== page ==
Halestorm: Rocking hard, making history and planning third album _lowres

Photo provided by Atlantic Records -- Halestorm

Singer-guitarist Lzzy Hale and her little brother, drummer Arejay, founded Halestorm in 1997. She was 13, he was 10. Their parents gave them permission.

Halestorm played in bars when the Hale siblings were still underage. In 2005, they signed a recording contract with Atlantic Records. The group’s album debut, released in 2009, sold 300,000 copies.

A little more than 17 years into Halestorm history, the central Pennsylvania band has made rock history. “Love Bites (So Do I),” the first single from the group’s 2012 album, “The Strange Case of …”, is the first song by a band featuring a female front person to top Billboard’s Active Rock chart.

“It’s cool to look back today and be like, ‘Wow, we’re still doing this, guys,’ ” the classic rock-inspired Lzzy Hale said recently.

Halestorm, on Eric Church’s Outsiders World Tour, opens for the country music star Thursday at the Smoothie King Center.

Halestorm’s “Love Bites (So Do I)” also won a Grammy award for best hard rock/metal performance. Follow-up singles “Freak Like Me” and “Here’s To Us” were Active Rock hits, too. “The Strange Case of …” reached No. 1 on Billboard’s Hard Rock albums chart.

Other achievements by the rock-based yet impressively versatile Halestorm include Lzzy Hale’s two cover appearances on Revolver magazine’s annual “Hottest Chicks in Hard Rock” issue.

To get to where they are, Lzzy Hale and her bandmates put in plenty of work.

“The work has always been a passion of ours,” she said. “To do anything you love as a living, it takes a lot of hard work. We played everywhere and anywhere they’d let us play. We’d play bars and there would only be, like, six people in the room. Many things in the past 17 years led us to this point.”

Speaking by phone prior to a sold-out Halestorm headlining show in Lancaster, Pennsylvania, the enthusiasm Hale continues to feel for her work couldn’t be missed.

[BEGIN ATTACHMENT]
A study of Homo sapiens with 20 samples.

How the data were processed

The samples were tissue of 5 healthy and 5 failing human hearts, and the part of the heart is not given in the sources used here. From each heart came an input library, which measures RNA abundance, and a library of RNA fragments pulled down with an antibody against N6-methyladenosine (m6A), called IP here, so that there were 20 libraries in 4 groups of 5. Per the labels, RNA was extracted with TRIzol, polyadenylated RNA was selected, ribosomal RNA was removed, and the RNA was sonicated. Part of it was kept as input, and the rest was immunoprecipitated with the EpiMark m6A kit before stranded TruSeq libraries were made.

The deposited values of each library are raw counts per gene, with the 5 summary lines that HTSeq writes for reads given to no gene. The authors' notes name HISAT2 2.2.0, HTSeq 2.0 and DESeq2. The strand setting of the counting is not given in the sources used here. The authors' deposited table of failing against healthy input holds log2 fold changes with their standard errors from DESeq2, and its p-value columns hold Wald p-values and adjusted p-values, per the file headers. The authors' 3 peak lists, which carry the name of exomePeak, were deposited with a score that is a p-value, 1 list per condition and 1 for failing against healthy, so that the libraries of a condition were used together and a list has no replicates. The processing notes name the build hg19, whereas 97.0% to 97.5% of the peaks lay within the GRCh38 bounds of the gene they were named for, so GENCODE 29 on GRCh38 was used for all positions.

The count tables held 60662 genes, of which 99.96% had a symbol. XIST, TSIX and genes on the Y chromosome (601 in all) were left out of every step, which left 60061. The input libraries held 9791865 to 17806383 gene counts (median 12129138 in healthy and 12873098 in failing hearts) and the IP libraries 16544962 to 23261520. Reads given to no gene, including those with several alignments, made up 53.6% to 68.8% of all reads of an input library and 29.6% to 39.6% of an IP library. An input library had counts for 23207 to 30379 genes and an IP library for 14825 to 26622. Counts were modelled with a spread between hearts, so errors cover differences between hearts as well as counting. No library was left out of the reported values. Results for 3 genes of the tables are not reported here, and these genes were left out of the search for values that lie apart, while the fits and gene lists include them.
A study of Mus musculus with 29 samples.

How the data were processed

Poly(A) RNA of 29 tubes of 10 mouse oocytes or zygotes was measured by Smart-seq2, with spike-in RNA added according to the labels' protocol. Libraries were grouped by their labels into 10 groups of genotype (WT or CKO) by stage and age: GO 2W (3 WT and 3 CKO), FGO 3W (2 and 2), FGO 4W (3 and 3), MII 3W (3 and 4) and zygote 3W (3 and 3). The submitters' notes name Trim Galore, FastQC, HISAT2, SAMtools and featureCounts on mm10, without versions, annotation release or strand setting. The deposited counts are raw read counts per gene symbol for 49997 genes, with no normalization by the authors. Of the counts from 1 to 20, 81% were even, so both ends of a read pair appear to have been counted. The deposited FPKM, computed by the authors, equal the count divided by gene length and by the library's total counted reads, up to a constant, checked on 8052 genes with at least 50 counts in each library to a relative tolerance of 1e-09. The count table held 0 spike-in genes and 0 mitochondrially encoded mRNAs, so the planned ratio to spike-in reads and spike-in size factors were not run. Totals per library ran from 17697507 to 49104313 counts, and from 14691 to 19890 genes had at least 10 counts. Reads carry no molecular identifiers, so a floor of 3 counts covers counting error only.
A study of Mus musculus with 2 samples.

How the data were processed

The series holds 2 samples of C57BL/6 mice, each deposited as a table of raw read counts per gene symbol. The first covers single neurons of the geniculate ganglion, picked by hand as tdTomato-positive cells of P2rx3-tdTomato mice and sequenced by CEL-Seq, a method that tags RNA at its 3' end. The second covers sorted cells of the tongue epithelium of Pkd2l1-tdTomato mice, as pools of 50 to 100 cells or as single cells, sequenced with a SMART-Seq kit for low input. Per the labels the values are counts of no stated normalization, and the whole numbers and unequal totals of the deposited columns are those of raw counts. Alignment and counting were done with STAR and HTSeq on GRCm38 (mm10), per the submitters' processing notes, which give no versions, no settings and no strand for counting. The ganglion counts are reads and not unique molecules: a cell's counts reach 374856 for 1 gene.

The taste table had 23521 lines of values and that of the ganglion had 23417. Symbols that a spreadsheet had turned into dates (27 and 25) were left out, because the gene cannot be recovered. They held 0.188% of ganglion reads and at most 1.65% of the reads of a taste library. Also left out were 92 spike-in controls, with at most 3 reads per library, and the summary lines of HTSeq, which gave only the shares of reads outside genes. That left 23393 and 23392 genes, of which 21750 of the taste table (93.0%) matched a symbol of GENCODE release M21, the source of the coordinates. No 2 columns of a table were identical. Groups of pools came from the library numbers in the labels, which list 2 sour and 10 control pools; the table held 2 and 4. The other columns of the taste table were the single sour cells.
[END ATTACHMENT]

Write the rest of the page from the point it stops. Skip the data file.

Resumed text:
“I’m just as proud to be playing a sold-out show tonight in Lancaster, right now, as I was getting our first bar gig,” she said. “It’s still the same sense of pride and fire that we had when we were kids. That’s probably why we’re so immature on our tour bus.”

Meanwhile, Halestorm’s recently completed third album is waiting in the wings for release this year. Halestorm recorded it in Nashville with producer Jay Joyce, who previously worked with Cage the Elephant and Eric Church.

Church invited Halestorm to join him on his Outsiders World Tour.

“Eric sought us out,” Hale said. “His entire band, they’re just crazy rockers and metal heads. It’s really cool that some country guys are fans of ours.”

Fans of country stars Church and Jason Aldean, to name a few, know there’s a lot of rock in country these days. And some songs on “The Strange Case of …” — especially anthem “Here’s To Us” and the piano-based ballad “Break In” — are easy fits for modern-day country concerts.

“We did our first couple of dates with Eric last week,” Hale said. “It’s cool to play for a country crowd, 90 percent of which has no idea who we are. We get there and we do our thing. It’s been awesome.”

Hale is proud of the gender breakthrough she achieved with “Love Bites (So Do I)” and pleased that, in recent years, more rock girls are attending Halestorm shows.

“In the past couple of years, it’s tipped from being primarily dudes to a 50-50 split, if not 60-40,” she said. “There’s a lot of crazy girls.”

Hale’s also super-honored that Gibson USA issued the Lzzy Hale signature limited edition Explorer guitar in September.

“That’s a personal triumph,” she said. “I sent my mom and dad one. They cried.”